Injuries caused by and during car accidents can range in severity. A whiplash injury is a common but potentially serious injury most often associated with car accidents such as auto collisions. Getting whiplash can be both painful and debilitating, so it is important to be able to recognise the cause when it comes to claiming from insurance. In order to better understand and go about claiming compensation, find out about more this here.
However, if you are looking to determine what exactly a whiplash injury is and how to identify one, keep reading. Here, we will discuss how these injuries come about in the body, what symptoms you can commonly expect, and how best to treat them.
How does a whiplash injury occur?
Although whiplash is often associated with car accidents, you can obtain one through other forms of forceful and sudden impact that causes a rapid back and forth movement of the neck. When the neck flexes and extends quickly and intensely, a number of structures in the neck can become damaged. Trauma to your discs, ligaments, nerves, and muscles can result in a painful and frustrating whiplash injury.
These injuries are more often than not obtained during car accidents where collision to the rear-end of your car causes a forceful and violent jolting of the head. The reason for this is that although your seatbelt can hold your body in place, your neck is often left unsupported. The lower neck bones are forced into a position of hyper extension, while the upper bones are flexed. When the neck is jolted forcefully from the back, the soft tissues of the neck are damaged through this motion.
However, many kinds of car accidents can cause this ailment, and it is important to look out for the symptoms following an accident.
What are the symptoms and effects of a whiplash injury?
Often, it can take around 24 hours for the full effects of a whiplash injury to become noticeable in the body. Due to the adrenaline released during a crash, the severity of your symptoms may not become clear until hours, or even days, later.
However, the following symptoms may be immediate – there is no hard and fast rule on when whiplash symptoms occur and how extreme they may be. If you begin to experience the following after a car accident, it is likely you have obtained a whiplash injury:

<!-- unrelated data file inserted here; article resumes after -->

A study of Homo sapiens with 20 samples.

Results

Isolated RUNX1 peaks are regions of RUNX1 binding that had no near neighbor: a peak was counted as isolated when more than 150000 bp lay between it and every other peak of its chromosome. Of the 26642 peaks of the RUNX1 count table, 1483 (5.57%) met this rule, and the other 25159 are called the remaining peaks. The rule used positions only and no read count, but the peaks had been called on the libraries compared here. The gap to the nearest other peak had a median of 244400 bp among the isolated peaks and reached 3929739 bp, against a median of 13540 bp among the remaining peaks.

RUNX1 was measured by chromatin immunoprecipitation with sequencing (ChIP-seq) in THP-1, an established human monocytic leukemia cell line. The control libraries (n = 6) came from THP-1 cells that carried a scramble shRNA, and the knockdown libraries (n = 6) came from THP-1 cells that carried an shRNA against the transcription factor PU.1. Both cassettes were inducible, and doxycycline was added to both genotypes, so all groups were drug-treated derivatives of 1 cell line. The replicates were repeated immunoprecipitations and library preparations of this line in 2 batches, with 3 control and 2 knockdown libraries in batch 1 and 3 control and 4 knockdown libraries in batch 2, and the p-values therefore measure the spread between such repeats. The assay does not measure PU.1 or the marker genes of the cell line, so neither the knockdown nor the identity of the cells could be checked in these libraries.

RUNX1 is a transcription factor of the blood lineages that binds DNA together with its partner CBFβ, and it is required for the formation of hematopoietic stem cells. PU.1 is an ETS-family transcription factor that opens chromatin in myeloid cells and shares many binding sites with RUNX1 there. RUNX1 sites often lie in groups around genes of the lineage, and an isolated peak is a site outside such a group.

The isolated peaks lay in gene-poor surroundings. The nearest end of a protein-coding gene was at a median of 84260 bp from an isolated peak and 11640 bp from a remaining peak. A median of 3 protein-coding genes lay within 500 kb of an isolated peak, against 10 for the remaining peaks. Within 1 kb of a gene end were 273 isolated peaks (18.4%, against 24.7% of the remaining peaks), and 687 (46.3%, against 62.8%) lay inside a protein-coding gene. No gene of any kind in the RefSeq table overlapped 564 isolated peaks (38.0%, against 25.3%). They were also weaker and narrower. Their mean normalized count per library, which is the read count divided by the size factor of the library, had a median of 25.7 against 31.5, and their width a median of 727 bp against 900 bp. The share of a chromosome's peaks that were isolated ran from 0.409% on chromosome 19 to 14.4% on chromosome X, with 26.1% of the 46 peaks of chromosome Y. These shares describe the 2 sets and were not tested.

- A pain and tightening in the neck, shoulders, and back
- Stiffness and tenderness in the neck
- Muscle spasms
- Nausea and fatigue
- Visual disturbances, dizziness, and a ringing in the ears
- Decreased range of motion
- Headaches that spread to the jaw region and general jaw pain
Because magnetic resonance imaging (MRI) and computed tomography (CT) scans cannot always show the presence of a whiplash injury, experiencing the above symptoms remains the best way to determine the presence of this injury. This is because these tests cannot always pick up on the small but vital structures that have been damaged. Often, a small vessel can tear during an accident, resulting in inflammation, swelling, and considerable pain and discomfort.
It is therefore important that you are able to recognize these symptoms as quickly as possible. While these injuries can generally be treated with anti-inflammatories and muscle relaxers, they can and often do affect one’s quality of life and ability to function.
Many people suffer a lack of productivity as a result of the headaches and pain associated with these injuries, and sick leave is often required. In particularly bad cases, a failure to access the proper treatment and care necessary after sustaining one of these injuries can result in “whiplash associated disorders” such as depression, anxiety, and insomnia.
What are the best ways to treat a whiplash injury?
Once you have consulted with a doctor on your whiplash injury, you will most likely be prescribed medicines such as anti-inflammatories and muscle relaxers in order to help to ease the pain and tension. There are, however, things you can do at home to ensure fast and effective alleviation of symptoms.
While whiplash injuries are often associated with the patient wearing a soft cervical collar, many studies have shown that immobilisation can actually harm rather than help your cause. What you can do to help yourself at home is engage in an early range of motion.
Gentle yet effective exercises include rolling the shoulders, gradually rotating the neck side to side, and moving the neck forwards and backwards. These exercises are intended to help you to regain your range of motion, but are not recommended if they result in any excess pain. You may also find that your medical treatment includes physical therapy, where a professional can help you to focus on the best ways to alleviate pain and regain motion.
Overall, your main goal is to be able to move your neck normally again and to strengthen the muscles that have been damaged during your whiplash injury. Being as educated as you can on what has happened in and around your neck area can help to prevent any further whiplash associated disorders and debilitation. Remember to be vigilant after an accident and keep a look out for any of the discussed symptoms of whiplash. Early diagnosis and treatment can go a long way in getting you back on your feet and helping recovery along as swiftly and as painlessly as possible.